I have been riveted by the anti-austerity protests in Athens, my hometown, and the government's response. From Paris - my adopted city - I watch the news, follow the tweets, and speak with family and friends.
The protests began in mid-May as a peaceful occupation of Athen's Syntagma Square in front of the Greek parliament. But the rising anger over the government's austerity measures in response to the country's financial crisis led to violent confrontations between a small group of demonstrators and the police, prompting an often heavy-handed and indiscriminate response. The demonstrations peaked on June 28 and 29, when parliament narrowly approved the new austerity measures. Tens of thousands of protesters responded to a call from the self-styled "indignant movement" to encircle the parliament and stay in the streets for 48-hours. On the afternoon of June 28, a small group of protesters tried to break through a police cordon, heightening the tension.
The following day - as parliament approved the austerity package - police responded to rioters who were throwing bottles, rocks, and Molotov cocktails at them with indiscriminate force against the protesters. The police repeatedly fired large amounts of tear gas into the crowds, including in the entrance to the metro station at Syntagma Square - where many protesters had sought refuge. One of these protesters was my mother, and I was concerned for her health. After I finally reached her by telephone in the afternoon, the first words she said were: "The police are acting as if we are at war. They haven't stopped throwing tear gas since this morning. Now we are in the metro station but they are throwing teargas in the entrance and it's asphyxiating here."
Credible accounts from civil society activists, media reports, photographs and videos suggest that police also beat people who were not involved in the violence. Media reports were full of protesters complaining about the violence and asking for help. Although violent clashes between protesters and police, and allegations of police abuse, are nothing new in Greece - the crackdown in Syntagma square provoked widespread indignation. According to Greek Red Cross volunteers in Syntagma square, more than 500 people were injured or suffered respiratory problems. The image of the police using tear gas against a crowd of elderly people, students and couples with children is now deeply engraved in the public mind.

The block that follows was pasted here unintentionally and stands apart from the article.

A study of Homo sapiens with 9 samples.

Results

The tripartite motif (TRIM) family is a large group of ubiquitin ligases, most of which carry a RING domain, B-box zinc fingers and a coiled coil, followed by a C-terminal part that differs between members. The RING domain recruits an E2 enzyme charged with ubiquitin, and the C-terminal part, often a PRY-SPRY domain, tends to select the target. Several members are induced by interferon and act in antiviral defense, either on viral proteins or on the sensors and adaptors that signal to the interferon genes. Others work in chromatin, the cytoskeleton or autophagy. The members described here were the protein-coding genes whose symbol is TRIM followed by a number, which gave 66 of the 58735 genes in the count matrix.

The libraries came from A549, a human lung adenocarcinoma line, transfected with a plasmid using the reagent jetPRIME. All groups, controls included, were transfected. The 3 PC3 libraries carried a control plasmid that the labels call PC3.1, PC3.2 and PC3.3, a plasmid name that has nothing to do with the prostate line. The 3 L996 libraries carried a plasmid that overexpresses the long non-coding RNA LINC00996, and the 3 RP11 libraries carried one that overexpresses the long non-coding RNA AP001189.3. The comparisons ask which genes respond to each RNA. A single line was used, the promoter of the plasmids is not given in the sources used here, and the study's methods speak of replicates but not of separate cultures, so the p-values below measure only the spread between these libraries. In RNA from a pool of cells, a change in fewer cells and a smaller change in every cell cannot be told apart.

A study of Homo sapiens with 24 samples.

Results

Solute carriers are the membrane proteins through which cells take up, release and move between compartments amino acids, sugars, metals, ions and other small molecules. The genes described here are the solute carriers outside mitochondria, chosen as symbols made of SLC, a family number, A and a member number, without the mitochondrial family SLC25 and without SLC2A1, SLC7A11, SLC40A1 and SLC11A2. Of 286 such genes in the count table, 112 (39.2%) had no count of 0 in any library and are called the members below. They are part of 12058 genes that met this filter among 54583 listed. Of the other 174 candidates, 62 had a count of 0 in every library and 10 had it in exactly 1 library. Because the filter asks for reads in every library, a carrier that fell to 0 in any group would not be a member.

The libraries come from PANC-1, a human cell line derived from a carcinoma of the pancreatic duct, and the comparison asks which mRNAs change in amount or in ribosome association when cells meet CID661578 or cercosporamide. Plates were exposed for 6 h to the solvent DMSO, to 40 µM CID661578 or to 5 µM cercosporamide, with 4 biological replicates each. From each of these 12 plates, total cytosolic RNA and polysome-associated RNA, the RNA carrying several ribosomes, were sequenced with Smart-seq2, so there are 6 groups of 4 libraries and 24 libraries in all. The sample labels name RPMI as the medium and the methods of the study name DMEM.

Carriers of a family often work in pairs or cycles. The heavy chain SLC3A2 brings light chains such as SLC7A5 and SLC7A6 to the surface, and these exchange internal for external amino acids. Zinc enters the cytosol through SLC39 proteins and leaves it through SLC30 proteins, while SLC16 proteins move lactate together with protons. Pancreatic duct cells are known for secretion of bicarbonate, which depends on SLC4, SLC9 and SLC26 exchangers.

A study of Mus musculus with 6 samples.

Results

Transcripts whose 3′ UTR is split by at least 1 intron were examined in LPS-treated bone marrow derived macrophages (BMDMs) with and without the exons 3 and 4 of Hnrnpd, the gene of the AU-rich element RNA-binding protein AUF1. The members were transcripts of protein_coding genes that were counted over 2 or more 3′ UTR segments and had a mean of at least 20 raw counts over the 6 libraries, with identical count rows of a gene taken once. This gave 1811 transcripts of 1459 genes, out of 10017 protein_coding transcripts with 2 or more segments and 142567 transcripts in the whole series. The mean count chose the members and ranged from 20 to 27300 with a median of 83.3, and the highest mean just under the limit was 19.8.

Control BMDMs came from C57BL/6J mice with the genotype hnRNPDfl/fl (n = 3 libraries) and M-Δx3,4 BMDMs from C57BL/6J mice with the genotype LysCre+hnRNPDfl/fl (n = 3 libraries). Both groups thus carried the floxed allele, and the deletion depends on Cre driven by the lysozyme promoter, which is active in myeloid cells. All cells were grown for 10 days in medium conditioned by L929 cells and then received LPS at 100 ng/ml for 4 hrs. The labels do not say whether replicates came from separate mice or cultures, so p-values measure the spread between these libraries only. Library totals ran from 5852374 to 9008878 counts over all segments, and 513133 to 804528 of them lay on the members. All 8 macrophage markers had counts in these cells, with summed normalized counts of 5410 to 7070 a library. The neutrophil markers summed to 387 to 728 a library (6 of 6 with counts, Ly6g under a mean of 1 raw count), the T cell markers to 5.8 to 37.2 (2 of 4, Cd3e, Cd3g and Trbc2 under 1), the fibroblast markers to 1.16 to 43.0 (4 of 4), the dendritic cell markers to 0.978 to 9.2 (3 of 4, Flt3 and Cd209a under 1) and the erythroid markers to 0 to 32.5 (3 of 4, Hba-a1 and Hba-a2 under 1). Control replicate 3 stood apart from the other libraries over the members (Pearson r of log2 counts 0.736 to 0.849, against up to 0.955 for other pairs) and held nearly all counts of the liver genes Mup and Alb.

While the Greek mainstream media focused mostly on violence by rioters and the impact on property and the tourism industry, many citizens are asking deeper questions. What instructions, if any, did the Citizens' Protection Ministry give police about how to respond to the protests? What lessons have been learned from the policing operation? Will police officers who used excessive force be held to account? The Assembly of Bar Association Presidents and the Athens Medical Association are among those in Greece who have publicly questioned the excessive use of force by the police against the demonstrators, while the president of the Association of Pharmacists of Attica described the indiscriminate use of tear gas as "criminal" and complained to the prosecutorial authorities.
The police have a duty to respond when protesters use violence and that may include using force. In accordance with United Nations rules for law enforcement officials, police should insofar as possible apply non-violent means before resorting to force. Whenever the lawful use of force is unavoidable, police should use restraint and act in proportion to the seriousness of the offense. To prevent abuse, the use of force by police has to be tightly controlled and those who exceed it held to account.
That's why the July 1 decision by an Athens public prosecutor to open an investigation into the excessive use of force by the police is a good step. In parallel, though, the Citizens' Protection Minister should order an immediate review of police tactics during demonstrations, particularly the use of tear gas, to ensure that future operations do not result in similar abuse. Protests against the austerity measures, like the economic crisis itself, will not be over any time soon. But the challenges faced by the government should not be used to justify abuses. Instead, the administration should demonstrate in its words and actions that it remains committed to the rights to freedom of speech and assembly - including the right to protest peacefully.
Eva Cossé monitors Greece for Human Rights Watch.